Muscle Hypertrophy is the scientific name for the process by which your skeletal muscles grow as a result of exercise, specifically resistance (weight) training.
Simply put, the cells of your body respond to minor damage done to your muscle fibers during physical exertion by repairing this damage during periods of rest and building up the muscle fibers to be able to better withstand similar stress in the future.
Your body has an amazing ability to adapt. If you lift a 30-pound dumbbell 10 times today, in a few days you’ll be able to lift 30 pounds 12 times, and eventually 35 pounds.
Your body will respond and adapt to the physical demands you and your training or coaching client, place on it, in this case, by growing bigger and stronger. Side note, the example above is an oversimplification of progressive resistance, one of the most effective methods to encourage hypertrophy.
When developing a training plan for a client there are some key points to remember and put in place as you structure the right programme:
Most people don’t realize that there are two different types of muscle hypertrophy:
- Sarcoplasmic Hypertrophy – Sarcoplasmic hypertrophy involves training that increases the volume of the non-contractile muscle cell fluid, sarcoplasm. In this sort of muscle hypertrophy, you’re focused on increasing the size of the muscle. However, most of this growth is based on liquid and not on real muscle tissue growth. With Sarcoplasmic Hypertrophy, your muscle cells fill up with a fluid called Sarcoplasm. This expands the size of the cells, which gives you the appearance of bigger muscles. These often look rounded and not toned as the muscles expand similar to small water-filled balloons. In addition, since most of the growth is based on the liquid, this type of hypertrophy does not bring with it additional strength.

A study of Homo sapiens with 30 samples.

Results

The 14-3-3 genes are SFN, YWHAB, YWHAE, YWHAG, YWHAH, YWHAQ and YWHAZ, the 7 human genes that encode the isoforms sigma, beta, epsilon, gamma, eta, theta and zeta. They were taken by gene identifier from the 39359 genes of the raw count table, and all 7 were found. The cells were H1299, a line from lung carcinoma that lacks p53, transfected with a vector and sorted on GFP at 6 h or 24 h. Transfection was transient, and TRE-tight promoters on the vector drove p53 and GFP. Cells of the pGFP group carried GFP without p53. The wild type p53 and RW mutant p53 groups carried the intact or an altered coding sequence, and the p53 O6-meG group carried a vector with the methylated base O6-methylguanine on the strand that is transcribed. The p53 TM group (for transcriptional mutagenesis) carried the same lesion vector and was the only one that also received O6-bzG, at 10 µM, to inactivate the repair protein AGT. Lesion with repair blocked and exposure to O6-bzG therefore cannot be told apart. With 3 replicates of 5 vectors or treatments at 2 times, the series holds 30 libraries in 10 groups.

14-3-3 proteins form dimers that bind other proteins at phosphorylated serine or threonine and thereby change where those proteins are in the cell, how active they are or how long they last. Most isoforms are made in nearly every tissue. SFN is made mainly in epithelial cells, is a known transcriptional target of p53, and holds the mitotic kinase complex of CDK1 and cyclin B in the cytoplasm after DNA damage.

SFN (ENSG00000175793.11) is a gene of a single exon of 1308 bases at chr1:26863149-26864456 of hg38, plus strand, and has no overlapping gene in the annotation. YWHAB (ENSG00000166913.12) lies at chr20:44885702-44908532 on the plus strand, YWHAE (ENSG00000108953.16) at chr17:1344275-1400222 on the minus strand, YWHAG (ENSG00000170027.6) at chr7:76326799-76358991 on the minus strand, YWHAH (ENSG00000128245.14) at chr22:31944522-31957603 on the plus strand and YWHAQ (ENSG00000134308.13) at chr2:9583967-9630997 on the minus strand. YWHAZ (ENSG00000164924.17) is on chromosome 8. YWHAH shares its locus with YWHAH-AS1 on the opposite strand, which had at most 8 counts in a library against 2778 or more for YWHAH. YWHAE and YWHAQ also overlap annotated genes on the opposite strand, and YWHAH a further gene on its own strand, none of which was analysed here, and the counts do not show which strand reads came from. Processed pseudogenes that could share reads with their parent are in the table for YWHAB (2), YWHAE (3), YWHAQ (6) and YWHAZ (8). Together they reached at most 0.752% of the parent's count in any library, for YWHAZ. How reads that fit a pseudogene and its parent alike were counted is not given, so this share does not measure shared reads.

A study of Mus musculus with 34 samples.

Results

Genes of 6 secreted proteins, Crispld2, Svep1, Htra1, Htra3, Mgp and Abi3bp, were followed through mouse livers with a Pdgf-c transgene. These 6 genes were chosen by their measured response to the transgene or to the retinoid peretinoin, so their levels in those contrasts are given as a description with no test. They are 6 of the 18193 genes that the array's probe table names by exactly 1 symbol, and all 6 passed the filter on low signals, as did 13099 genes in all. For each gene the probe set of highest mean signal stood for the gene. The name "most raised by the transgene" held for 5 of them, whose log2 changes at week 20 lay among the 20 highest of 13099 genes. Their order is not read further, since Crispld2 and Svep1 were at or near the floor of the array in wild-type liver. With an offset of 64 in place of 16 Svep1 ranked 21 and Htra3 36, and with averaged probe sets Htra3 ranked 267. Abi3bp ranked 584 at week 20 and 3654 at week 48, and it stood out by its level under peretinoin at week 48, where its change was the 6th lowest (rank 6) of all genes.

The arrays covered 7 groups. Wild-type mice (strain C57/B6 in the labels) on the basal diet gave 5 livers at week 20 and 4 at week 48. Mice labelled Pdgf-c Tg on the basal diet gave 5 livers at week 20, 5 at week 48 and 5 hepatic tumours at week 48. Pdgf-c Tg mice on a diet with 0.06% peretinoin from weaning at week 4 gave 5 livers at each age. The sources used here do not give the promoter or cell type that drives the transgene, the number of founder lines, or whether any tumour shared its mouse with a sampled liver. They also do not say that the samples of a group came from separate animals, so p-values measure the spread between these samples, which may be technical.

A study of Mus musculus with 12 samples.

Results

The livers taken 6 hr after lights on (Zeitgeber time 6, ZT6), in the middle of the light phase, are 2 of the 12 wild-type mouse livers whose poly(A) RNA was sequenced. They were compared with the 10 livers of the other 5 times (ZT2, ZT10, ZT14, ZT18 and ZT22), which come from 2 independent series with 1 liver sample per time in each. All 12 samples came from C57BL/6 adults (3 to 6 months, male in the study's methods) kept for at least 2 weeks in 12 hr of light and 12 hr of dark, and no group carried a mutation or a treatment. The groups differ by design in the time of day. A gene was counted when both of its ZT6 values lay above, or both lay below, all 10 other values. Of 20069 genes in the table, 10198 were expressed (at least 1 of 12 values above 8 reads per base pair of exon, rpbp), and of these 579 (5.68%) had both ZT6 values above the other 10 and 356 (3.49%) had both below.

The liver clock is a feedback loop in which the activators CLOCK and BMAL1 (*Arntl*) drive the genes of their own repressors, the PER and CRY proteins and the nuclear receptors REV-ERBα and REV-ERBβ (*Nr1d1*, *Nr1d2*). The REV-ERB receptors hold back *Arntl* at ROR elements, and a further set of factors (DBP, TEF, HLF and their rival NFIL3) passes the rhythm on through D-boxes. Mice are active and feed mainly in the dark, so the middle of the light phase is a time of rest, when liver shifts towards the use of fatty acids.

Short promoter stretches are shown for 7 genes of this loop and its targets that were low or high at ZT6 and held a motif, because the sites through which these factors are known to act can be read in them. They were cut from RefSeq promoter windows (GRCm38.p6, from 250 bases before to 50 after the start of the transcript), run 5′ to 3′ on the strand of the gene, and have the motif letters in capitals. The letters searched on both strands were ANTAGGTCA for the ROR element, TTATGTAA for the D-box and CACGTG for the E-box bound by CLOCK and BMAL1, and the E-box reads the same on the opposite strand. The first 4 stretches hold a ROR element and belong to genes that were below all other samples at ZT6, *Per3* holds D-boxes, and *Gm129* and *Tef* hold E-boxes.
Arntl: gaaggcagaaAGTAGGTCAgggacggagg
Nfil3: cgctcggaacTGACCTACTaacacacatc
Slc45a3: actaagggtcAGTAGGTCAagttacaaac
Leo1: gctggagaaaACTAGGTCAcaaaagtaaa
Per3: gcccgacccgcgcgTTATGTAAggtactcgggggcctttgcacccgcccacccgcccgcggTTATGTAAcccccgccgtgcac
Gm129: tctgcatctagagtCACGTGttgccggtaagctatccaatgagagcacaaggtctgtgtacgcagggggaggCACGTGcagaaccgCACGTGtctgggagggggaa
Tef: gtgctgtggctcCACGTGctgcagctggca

- Myofibrillar Hypertrophy – Myofibrillar hypertrophy is the growth of muscle contractile parts. This type of muscular hypertrophy results in an increase in muscle tissue density. You’re adding more muscle fibers, making the tissue denser. As more fibers are created, your strength and physical ability increase, often dramatically. However, this muscle growth is less visible as the muscles do not grow outwardly as much as they do with Sarcoplasmic Hypertrophy. However, the muscles may appear firmer and more defined with this type of growth.
Do you need to pick one over the other? The reality is that no exercise is entirely one or the other, but a combination of the two. You can, however, do exercises that favor either sarcoplasmic hypertrophy or myofibrillar.
Your choice depends on what your training goals are. If your goal is to become a bodybuilder, you should focus on achieving sarcoplasmic hypertrophy. If you are a strength athlete, you would want to focus on myofibrillar hypertrophy, to maximize your strength without having to carry excess mass, although some athletes may need both.
Each type of hypertrophy has its place and serves different goals: aesthetic and functional ones. For the best body, you need to combine the two.